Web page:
I see examples of this stamp described as oxidized with the color changed from orange to brown. I have not noticed many, if any, other stamps described this way. Is this the inevitable outcome for all US Scott #C1 stamps? Or is it due to improper storage? How do I avoid this happening? Thanks.


  • 6 Comments sorted by Votes Date Added
  • edited June 15 1 LikesVote Down
    More accurately, that is called sulfurization, a chemical reaction of the orange ink with sulfur in the air. It is actually oxidation that will restore the natural color, in the form of a hydrogen peroxide rinse.
  • Ted's Right, but if it has gum on the back Don't Rinse it!!!!
  • Thanks gentlemen, I was guessing there was iron in the ink and it was rusting. Instead, it is tarnishing like silver. And the sulfur comes from... Paper? The air? Fingers? Where?
    How can it be prevented?
    I am guessing it deflates the price.
    Are there other stamps prone to this?
  • edited June 16 2 LikesVote Down
    The sulfur is in the atmosphere. Think acid rain, which is atmospheric moisture acidified by the atmospheric sulfur. The sulfur comes from coal-burning power plants, cement producers, and from smelting plants for metallic ores containing sulfur. Any color can be be darkened through sulfur exposure, though orange and yellow are the most prone to this because of metallic compounds in the ink.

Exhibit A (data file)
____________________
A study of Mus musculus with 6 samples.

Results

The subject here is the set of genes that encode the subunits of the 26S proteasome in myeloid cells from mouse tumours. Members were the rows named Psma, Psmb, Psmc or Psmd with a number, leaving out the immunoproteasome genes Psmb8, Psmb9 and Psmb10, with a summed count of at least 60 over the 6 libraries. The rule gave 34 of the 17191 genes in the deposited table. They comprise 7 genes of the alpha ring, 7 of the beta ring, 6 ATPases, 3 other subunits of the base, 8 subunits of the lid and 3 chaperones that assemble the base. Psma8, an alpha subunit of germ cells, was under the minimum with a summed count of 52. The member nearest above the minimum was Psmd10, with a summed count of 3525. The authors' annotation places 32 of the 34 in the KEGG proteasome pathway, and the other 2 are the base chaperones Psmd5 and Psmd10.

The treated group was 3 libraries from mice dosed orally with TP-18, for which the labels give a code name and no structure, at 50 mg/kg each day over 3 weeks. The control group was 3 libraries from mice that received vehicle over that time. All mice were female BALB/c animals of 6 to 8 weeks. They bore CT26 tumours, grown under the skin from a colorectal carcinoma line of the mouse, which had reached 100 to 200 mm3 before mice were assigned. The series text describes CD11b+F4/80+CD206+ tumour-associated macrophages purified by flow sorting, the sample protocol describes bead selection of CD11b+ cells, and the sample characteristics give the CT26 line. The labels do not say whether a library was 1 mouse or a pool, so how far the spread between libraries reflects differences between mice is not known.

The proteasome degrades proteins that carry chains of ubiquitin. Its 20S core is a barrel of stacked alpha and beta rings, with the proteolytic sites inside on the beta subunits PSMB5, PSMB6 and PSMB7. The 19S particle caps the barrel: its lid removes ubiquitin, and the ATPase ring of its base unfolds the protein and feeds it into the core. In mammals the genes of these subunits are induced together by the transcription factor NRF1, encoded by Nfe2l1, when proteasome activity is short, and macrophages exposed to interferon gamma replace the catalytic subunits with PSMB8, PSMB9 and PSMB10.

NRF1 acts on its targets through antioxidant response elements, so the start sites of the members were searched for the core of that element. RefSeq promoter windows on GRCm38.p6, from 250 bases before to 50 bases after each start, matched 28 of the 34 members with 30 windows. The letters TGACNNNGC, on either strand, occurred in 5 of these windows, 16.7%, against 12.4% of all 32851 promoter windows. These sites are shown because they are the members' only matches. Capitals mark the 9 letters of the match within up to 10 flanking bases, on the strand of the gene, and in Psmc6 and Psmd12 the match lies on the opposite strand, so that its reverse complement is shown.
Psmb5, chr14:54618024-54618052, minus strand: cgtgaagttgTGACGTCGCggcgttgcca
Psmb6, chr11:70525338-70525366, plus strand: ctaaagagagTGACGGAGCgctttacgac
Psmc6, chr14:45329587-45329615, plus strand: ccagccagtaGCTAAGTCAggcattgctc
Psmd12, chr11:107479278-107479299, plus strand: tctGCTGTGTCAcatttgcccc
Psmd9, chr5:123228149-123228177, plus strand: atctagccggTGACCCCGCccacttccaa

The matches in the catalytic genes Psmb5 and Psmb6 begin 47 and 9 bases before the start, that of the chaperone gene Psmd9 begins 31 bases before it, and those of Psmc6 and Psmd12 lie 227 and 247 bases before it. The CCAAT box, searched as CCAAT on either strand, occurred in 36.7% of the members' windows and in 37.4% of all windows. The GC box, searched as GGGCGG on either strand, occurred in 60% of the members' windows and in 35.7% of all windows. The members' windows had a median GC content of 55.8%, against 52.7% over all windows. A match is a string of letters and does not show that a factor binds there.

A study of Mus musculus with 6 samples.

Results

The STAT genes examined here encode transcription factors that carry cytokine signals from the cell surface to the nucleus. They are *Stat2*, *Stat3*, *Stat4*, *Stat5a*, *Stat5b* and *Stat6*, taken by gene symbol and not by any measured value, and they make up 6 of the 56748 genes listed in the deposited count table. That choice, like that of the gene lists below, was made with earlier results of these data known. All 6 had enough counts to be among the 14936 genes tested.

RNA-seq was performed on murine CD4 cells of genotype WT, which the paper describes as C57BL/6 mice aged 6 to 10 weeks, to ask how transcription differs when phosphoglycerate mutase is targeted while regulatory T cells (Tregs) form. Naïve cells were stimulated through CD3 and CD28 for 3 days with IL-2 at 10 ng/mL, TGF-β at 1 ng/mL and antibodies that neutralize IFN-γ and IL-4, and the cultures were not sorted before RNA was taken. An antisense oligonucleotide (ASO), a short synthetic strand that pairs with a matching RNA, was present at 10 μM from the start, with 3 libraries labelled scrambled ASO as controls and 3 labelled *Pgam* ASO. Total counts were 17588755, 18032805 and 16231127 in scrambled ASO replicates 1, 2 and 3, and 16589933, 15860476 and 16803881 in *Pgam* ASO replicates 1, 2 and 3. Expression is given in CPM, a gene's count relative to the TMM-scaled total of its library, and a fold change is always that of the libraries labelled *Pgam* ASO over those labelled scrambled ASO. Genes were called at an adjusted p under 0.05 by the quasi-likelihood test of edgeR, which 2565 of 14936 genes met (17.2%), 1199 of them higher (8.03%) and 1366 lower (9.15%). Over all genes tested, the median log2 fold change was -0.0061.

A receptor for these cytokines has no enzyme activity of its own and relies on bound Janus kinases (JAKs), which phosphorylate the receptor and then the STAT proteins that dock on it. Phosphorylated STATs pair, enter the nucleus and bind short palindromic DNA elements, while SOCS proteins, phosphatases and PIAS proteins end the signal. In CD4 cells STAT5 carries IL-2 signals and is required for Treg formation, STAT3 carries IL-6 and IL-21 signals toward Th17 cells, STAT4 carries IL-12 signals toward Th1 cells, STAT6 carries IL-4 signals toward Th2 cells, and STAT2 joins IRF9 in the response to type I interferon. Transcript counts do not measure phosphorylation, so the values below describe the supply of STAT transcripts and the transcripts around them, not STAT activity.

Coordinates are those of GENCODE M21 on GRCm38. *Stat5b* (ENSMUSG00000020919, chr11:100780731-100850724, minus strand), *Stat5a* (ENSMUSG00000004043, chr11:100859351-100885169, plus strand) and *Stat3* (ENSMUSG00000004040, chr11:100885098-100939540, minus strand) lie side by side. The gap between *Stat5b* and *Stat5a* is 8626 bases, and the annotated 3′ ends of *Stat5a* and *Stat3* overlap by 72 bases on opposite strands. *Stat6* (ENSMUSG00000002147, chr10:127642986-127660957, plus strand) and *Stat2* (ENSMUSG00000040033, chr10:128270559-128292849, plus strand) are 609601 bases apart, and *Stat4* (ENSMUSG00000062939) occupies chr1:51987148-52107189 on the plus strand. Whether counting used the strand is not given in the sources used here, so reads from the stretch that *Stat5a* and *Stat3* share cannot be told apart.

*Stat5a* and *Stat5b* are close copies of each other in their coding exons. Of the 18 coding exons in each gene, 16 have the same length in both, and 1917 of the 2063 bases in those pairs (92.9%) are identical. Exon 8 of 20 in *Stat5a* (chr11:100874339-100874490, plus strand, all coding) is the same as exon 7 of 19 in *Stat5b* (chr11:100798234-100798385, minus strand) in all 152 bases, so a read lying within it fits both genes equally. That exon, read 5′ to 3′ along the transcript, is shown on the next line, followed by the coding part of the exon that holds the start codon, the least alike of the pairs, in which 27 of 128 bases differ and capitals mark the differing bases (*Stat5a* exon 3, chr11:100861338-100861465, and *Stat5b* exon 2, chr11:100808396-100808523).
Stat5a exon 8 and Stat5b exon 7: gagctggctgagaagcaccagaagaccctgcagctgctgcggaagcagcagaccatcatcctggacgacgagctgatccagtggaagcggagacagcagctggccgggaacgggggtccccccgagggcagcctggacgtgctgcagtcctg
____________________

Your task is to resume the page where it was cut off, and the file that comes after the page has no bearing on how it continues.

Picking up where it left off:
I'm not sure about preventive measures. I don't know if enclosure in Showgard style mounts is sufficient to mitigate against atmospheric exposure.
    Yes, the color change will adversely affect the value, of mint stamps anyway, because gummed stamps cannot be treated without disturbing the gum.
  • Tobacco smoke causes it too.

    The stamp has more value with the sulphurization removed. On stamps with gum, the treatment will remove the gum, but the bright orange color should return.

    This may also occur on stamps with yellow, red and brown color pigments. Orange stamps are the easiest to treat, from my experiences.
  • H2O2 (sometimes diluted) judiciously applied with an artist's brush, blotted and removed by doing the same several times with distilled water can oftentimes preserve most of the stamp's gum. Others have used a 'sweat box' with H2O2 as the humidifier with some success.